Sunday, September 25, 2011

Another Outlaw Taken Out

Last night a good-sized raccoon attempted to help himself to chicken dinner, but the dogs are quite protective of their chickens and made short work of the thief. 

Ranger naps while the chickens scratch for bugs around him.

Chuck stays alert while Big Red and a Barred Rock pullet forage.

And Cordell stays on guard to make sure the raccoon doesn't cause any more trouble.

The raccoon did manage to take a bite out of one of the Speckled Sussex pullets and she was bleeding a bit from the leg and thigh area last night after the attack, but appears to be okay today.

Until next time, may the outlaws in your life be served with the justice they deserve.

Sunday, September 4, 2011

Webbed feet in the Wheat

The irrigation risers into the wheat field were open this afternoon, making a very pleasant temporary wetland for geese and ducks.

Puddles of water and spilled wheat on a warm September afternoon are like heaven to these guys!

This handsome fellow is Einer (Enar), a blue Swedish duck who came to live with us about 3 weeks ago.  He is very sweet, enjoying treats fed to him by hand and also likes to be handled and petted.  Unfortunately, he is not so sweet to the dogs and chases them mercilessly, sneaking up behind them and yanking hair from the backs of their legs.  This is especially offensive to the dogs when they are sound asleep, but Einer seems to delight in making the dogs jump and run away.  I have tried locking him out of the yard, shutting all of the gates, but he always finds a way in, so Einer has to be locked in a large dog kennel in the barn, complete with plenty of feed and a pool of water, and only gets to come out when I can keep a close eye on him so he doesn't end up beheaded by one of the dogs as they reach the end of their patience with him.  He is miserable locked away, but until he learns to leave the dogs alone, it is for the best.
Einer's mate, Ulrika, was a black Swedish duck.  She was a beautiful little hen and had a puffy crest of feathers on the top of her head, like a small, silly hat.  She had begun laying eggs, so when she disappeared several days ago, I figured she had located a suitable nesting site.  She never chased the dogs, so I hadn't penned her up like Einer.  Sadly, on Friday, I found her lifeless little body on the front porch, behind a plant.  Not a mark was on her, not a feather out of place, so I am certain the dogs didn't take revenge for Einer's ill deeds, but really have no ideas as to what may have happened to her.  And I had begun entertaining hopes of a small flock of Swedish ducks living in the barnyard.  Now that Ulrika is gone, Einer seems to be a bit more interested in hanging out with the geese instead of chasing the dogs, but he won't regain his freedom until he decides to stay in the barnyard and leave the dogs in peace.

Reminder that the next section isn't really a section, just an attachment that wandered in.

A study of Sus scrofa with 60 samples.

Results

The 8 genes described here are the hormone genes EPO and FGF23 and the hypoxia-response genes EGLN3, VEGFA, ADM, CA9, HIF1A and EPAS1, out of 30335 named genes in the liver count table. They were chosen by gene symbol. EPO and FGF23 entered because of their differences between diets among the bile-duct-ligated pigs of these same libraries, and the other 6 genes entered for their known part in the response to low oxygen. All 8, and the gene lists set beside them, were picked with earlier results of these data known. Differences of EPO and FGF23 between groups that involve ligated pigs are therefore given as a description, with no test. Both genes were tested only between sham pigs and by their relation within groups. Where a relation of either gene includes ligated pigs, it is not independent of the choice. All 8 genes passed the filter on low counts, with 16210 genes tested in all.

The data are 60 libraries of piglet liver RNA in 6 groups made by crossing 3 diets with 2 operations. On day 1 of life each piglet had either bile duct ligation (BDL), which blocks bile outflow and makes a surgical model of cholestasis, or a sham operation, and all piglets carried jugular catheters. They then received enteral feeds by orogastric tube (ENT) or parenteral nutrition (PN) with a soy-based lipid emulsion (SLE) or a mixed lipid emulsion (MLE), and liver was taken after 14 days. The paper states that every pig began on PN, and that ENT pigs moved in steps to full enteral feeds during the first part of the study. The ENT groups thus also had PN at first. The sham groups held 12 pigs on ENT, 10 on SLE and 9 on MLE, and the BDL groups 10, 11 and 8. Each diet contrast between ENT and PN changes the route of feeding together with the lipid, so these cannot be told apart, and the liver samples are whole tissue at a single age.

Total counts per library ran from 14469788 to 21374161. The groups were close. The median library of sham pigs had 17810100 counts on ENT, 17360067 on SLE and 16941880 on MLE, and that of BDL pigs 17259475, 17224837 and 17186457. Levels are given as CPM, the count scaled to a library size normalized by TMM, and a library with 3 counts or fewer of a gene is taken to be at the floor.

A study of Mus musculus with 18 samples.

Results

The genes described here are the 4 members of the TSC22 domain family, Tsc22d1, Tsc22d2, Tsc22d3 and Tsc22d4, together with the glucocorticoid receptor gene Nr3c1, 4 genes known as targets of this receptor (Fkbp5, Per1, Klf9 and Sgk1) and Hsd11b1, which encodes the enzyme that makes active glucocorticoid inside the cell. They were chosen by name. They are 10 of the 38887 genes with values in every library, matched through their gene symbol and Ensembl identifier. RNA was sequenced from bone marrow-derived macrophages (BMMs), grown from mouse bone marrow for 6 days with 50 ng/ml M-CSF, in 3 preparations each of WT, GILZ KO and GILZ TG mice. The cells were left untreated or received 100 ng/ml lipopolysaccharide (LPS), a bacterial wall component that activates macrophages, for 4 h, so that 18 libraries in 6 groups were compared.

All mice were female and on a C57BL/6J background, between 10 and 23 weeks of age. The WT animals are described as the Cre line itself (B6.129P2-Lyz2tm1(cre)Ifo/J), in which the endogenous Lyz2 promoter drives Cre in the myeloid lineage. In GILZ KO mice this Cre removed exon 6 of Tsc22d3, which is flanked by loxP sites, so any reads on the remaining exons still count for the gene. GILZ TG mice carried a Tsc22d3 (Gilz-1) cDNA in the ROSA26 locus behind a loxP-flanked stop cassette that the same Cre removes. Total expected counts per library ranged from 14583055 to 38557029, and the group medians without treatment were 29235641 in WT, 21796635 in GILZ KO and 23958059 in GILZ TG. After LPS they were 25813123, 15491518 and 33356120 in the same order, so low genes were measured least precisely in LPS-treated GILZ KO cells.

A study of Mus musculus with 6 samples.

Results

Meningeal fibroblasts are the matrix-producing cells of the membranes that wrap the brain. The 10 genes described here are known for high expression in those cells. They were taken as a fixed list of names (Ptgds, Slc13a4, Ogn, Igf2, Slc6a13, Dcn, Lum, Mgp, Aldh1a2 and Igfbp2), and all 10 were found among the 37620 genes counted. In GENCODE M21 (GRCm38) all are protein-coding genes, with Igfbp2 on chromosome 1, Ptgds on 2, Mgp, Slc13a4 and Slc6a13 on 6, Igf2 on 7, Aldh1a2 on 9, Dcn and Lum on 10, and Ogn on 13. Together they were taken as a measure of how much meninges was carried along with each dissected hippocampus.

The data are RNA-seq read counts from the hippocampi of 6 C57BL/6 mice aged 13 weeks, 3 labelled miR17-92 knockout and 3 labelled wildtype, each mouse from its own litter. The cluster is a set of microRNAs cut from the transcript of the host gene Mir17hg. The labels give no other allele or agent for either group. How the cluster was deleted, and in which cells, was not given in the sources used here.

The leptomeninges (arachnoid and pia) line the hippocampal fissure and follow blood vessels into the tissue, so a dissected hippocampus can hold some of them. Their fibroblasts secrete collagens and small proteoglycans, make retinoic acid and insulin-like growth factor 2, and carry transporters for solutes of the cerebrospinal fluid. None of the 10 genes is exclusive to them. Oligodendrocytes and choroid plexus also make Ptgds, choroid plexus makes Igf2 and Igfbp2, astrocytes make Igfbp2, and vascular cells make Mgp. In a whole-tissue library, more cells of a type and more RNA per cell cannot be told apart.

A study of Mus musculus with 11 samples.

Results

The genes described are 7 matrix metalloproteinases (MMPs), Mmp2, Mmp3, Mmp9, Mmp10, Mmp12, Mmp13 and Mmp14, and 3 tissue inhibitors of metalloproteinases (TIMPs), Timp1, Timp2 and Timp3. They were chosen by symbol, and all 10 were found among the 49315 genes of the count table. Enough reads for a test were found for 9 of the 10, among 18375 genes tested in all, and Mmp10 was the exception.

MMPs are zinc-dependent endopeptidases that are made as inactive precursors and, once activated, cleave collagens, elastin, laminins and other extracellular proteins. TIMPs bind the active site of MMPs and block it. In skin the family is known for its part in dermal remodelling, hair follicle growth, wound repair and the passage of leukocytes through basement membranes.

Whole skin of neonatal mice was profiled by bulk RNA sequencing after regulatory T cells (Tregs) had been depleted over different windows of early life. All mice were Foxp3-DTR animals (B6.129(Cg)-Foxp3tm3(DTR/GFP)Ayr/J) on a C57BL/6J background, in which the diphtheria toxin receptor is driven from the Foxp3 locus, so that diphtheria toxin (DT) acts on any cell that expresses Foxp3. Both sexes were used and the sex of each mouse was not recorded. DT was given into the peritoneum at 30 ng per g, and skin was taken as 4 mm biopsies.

The geese came to live with us last spring.  They are both ganders, so won't be producing any eggs or goslings to add to the flock.  They are Chinese geese, a very loud, talkative breed.  While some geese can be aggressive, these two have always kept their distance and have not shown any aggression, except occasionally toward the sheep, who don't seem to be too upset by the threats.  I bought the geese in an attempt to help keep predators away from the chickens, but they instead bonded with the sheep and prefer to stay with them whenever possible.  Watching the geese run and fly behind the sheep when we move pastures is a pretty amusing sight.

Headed back toward the barn after a good time splashing, preening, and eating.  While they were at first quite resistant to being moved out into the wheat field, my webbed-footed friends enjoyed themselves immensely once they saw the delightful, and unexpected, puddles and feed.
Until next time, may all of your hesitations be replaced with delight.